Running and hobbling along Ryvoan Pass

I set off this morning to to a long run along forest and moorland tracks, near Glenmore in the Cairngorms National Park.

I know this route pretty well having walked and cycled along the Ryvoan Pass many times over the years.

Ryvoan Run

As the photo shows, this is a smooth, level track as it heads north running parallel to the minor road towards Glenmore Lodge. However, although it’s an easy route, I’d only gone about 1km when I tripped over a wee, narrow drain across the track and fell forward landing on my knee – whacking the knee cap on the stony ground. Hard. I stuck a plaster on the minor cut, but was more concerned about the sore bone. I decided it was too nice a day not to run, (what a ridiculous reason to keep running!) so continued on my way heading north through the Ryvoan Pass. My knee was sore, but bearable.

Ryvoan Run

I soon arrived at An Lochan Uaine (the green lochan) and, as always, was mesmerised by the vivid green colour of the water. A group of children arrived as I was there and I heard one boy comment that it looked like the Maldives and another ask if they could swim in the loch.

Ryvoan Run

Continuing past the loch I soon came to Ryvoan Bothy.

Ryvoan Run

I had a nosy inside and was disappointed to see it looking very untidy. Pages from the bothy book were scattered about as was a Sunday paper. I gathered up the loose pages from the book and put them in the cover and placed the newspaper neatly in the hearth ready for fire-lighting.

After leaving the bothy I passed the lovely wee Loch a’ Chait.

Ryvoan Run

The next section of the track passes through the Abernethy RSPB Resrve and the heather moorland gives way to pine woods and conifer plantations.

Ryvoan Run

At an opening in the trees I could see the old cottages up the hillside at Rynettin.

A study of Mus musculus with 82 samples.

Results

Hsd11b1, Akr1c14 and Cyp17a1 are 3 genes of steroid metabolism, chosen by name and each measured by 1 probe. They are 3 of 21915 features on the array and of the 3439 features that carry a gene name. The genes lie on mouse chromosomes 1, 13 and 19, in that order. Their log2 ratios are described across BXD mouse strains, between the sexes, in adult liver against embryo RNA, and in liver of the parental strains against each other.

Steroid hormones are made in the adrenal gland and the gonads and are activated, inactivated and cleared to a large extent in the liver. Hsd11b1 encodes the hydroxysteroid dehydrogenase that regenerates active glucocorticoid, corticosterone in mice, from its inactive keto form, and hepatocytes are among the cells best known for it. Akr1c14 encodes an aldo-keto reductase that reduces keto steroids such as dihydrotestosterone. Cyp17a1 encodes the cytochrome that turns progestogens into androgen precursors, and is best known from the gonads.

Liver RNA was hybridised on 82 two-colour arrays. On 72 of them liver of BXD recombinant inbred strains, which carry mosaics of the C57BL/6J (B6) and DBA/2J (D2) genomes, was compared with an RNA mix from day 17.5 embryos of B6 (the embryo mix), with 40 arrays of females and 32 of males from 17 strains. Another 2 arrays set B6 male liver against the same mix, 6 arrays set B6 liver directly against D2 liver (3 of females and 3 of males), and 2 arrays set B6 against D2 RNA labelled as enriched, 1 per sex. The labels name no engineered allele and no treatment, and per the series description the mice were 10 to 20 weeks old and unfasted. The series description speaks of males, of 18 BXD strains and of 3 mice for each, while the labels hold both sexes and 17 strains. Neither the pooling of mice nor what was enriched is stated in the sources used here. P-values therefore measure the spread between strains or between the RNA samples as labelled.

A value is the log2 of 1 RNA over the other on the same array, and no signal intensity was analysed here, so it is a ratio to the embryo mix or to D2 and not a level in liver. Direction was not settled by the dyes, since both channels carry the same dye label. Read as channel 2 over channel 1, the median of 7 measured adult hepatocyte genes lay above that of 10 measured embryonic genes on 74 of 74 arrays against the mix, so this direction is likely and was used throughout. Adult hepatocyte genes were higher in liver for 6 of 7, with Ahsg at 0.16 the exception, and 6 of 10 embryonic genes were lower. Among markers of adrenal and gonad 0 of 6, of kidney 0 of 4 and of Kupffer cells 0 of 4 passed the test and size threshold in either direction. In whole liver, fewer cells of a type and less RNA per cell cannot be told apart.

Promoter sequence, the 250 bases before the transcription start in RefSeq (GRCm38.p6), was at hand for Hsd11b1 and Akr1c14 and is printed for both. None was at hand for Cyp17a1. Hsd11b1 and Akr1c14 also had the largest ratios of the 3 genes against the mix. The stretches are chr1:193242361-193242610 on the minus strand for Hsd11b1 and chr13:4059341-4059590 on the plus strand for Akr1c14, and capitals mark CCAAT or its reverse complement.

Ryvoan Run

I reached this point about an hour after starting so stopped to have water, trail mix and a jelly baby. When I started again my knee felt very stiff and sore, so I thought it wasn’t wise to keep pressing onwards. I turned around and decided to walk back along the track.

Half way back I stopped beside Loch a’ Chait to rest and elevated my leg. I think I nodded off as I see from GPS this wee stop was 30 minutes.

Ryvoan Run

The final stretch of the track passed the southern shoulder of Meall a’ Bhuachaille, and back past Glenmore Lodge.

Ryvoan Run

Now I’m home I have my leg elevated and with a bag of frozen peas on my knee.

2 comments on “Running and hobbling along Ryvoan Pass

  1. Looks like you’d wonderful weather, yet again, for your latest foray. Haven’t actually been to Ryvoan but passed Lochan Uaine, an absolute jewel, way back in 1998 on one of my coast to coast jaunts. On that occasion I camped by the old Bynack Stables bothy which no longer exists.
    Have just read your ‘Ring of Bright Water’ posting too and wallowed in all your evocative pictures. Some years ago I’d walked to Sandaig from Suardalan Bothy with the intention of camping by the burn – but a huge bull and his entourage had other ideas!
    Hope your knee is better now. Thanks for bringing back yet more memories!